The first time I heard about Jon Benjamin was in November 2014. I was in the United States participating in the International Visitors Leadership Programme on Investigative Journalism, but I was constantly monitoring developments back home. When I went online one morning, I was greeted with a needless storm of confusion on social media. There was an outrage against a certain British High Commissioner who had been in Ghana for only six months but would not mind his own business.
The man at the centre of the controversy, Mr. Jon Benjamin, was invited to speak at IMANI Ghana’s10th anniversary programme. His topic was “Integrity in public office.” After greeting the audience and other diplomats present, Jon Benjamin began his speech: “I’m not sure, Franklin [Cudjoe], about what you have me sitting in: it looks like you are having me enstooled. But, at least, this chair was definitely made in Ghana.”
This was in reference to the rather senseless decision by the leadership of our parliament to import MPs’ furniture from China. While in the US, I visited the Senate and I was shocked to find the senators, including the likes of John McCain, using desks and simple chairs that looked like what some of our basic school children use here. While our MPs need comfort, someone should have been wise enough to give that job to the local manufacturers.
Before Jon Benjamin continued with his speech, he told the audience the kind of diplomat he was: “Now, I’m a diplomat and diplomats are sometimes known for speaking without actually saying anything, at least in public. But that isn’t really my style…”
The speech that followed was a very impressive one, but what attracted him a barrage of criticisms and insults was contained in the concluding part of it:
“… But what are we to think when certain journalists expect the famous “soli” – to cover our events? Isn’t covering the news actually their job to start with? And, if they aren’t paid sufficiently for doing so, isn’t that an issue between them and their employer, rather than ours or anyone else’s problem? And if those journalists who pride themselves on reporting corruption in others then ask for unofficial payments themselves, isn’t that just a touch hypocritical?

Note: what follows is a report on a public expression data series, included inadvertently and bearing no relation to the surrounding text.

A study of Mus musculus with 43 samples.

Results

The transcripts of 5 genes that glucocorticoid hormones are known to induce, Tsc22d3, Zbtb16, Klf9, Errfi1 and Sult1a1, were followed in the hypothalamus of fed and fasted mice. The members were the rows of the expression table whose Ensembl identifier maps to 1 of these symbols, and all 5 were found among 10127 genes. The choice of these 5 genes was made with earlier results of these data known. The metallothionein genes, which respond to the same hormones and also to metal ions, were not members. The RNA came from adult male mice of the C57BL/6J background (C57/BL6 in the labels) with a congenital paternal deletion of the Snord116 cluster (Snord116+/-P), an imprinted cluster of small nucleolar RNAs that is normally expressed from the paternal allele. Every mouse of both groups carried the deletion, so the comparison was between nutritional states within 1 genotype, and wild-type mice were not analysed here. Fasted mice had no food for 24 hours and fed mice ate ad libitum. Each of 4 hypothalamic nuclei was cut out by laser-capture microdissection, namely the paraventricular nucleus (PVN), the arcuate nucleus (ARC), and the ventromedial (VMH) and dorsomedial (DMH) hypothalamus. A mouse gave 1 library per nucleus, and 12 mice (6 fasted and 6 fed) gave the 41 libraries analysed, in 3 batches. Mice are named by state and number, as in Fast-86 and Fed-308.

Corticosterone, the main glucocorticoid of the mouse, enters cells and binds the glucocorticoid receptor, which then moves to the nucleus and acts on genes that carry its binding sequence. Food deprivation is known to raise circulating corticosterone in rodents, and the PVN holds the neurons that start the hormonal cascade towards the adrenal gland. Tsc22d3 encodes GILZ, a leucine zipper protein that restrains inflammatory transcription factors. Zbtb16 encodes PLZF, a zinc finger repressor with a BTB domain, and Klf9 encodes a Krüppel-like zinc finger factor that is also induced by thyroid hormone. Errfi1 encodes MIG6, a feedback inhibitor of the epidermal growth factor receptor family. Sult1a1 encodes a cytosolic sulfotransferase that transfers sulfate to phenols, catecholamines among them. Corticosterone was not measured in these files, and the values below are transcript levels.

“An event or story is either intrinsically newsworthy or it isn’t: it doesn’t become newsworthy because someone has paid for it – that isn’t journalism, it’s advertising which is perfectly legitimate in itself of course but is a different professional activity. Now, I wonder if any of the media, which report this speech tomorrow will include these comments of mine about this lack of probity by some of their own journalistic colleagues? I doubt it but, go on, surprise me! And at least you now know officially that you will never receive any soli from the British High Commission!”
At the 2015 end of year news review on Joy FM and Multi TV, Jon Benjamin’s statement came up when the spotlight was put on the media. The host of Metro TV’s Good Evening Ghana, Paul Adom Otchere, revealed that he was the MC at the IMANI event when Jon Benjamin made that remark. He said he got upset and abandoned his role as the MC before the programme ended.
If I were Paul Adom Otchere, I would walk up to Mr. Jon Benjamin after the speech to congratulate him. The media is one of the most corrupt institutions in Ghana. A majority of the so-called powerful journalists in our republic are puppets of some of the most corrupt politicians, government officials and business people. Paul Adom Otchere knows this. The corruption in the media is worse than soli. Only hypocrites or those who are ignorant about the canker will have issues with what Jon Benjamin said.
Two years after his first major controversy, Jon Benjamin is again the subject of controversy in Ghana. His tweet, which many Ghanaians consider offensive, has since been deleted. He said: “Oh, that nasty air outside all of a sudden. Did someone just inaugurate the harmattan already?”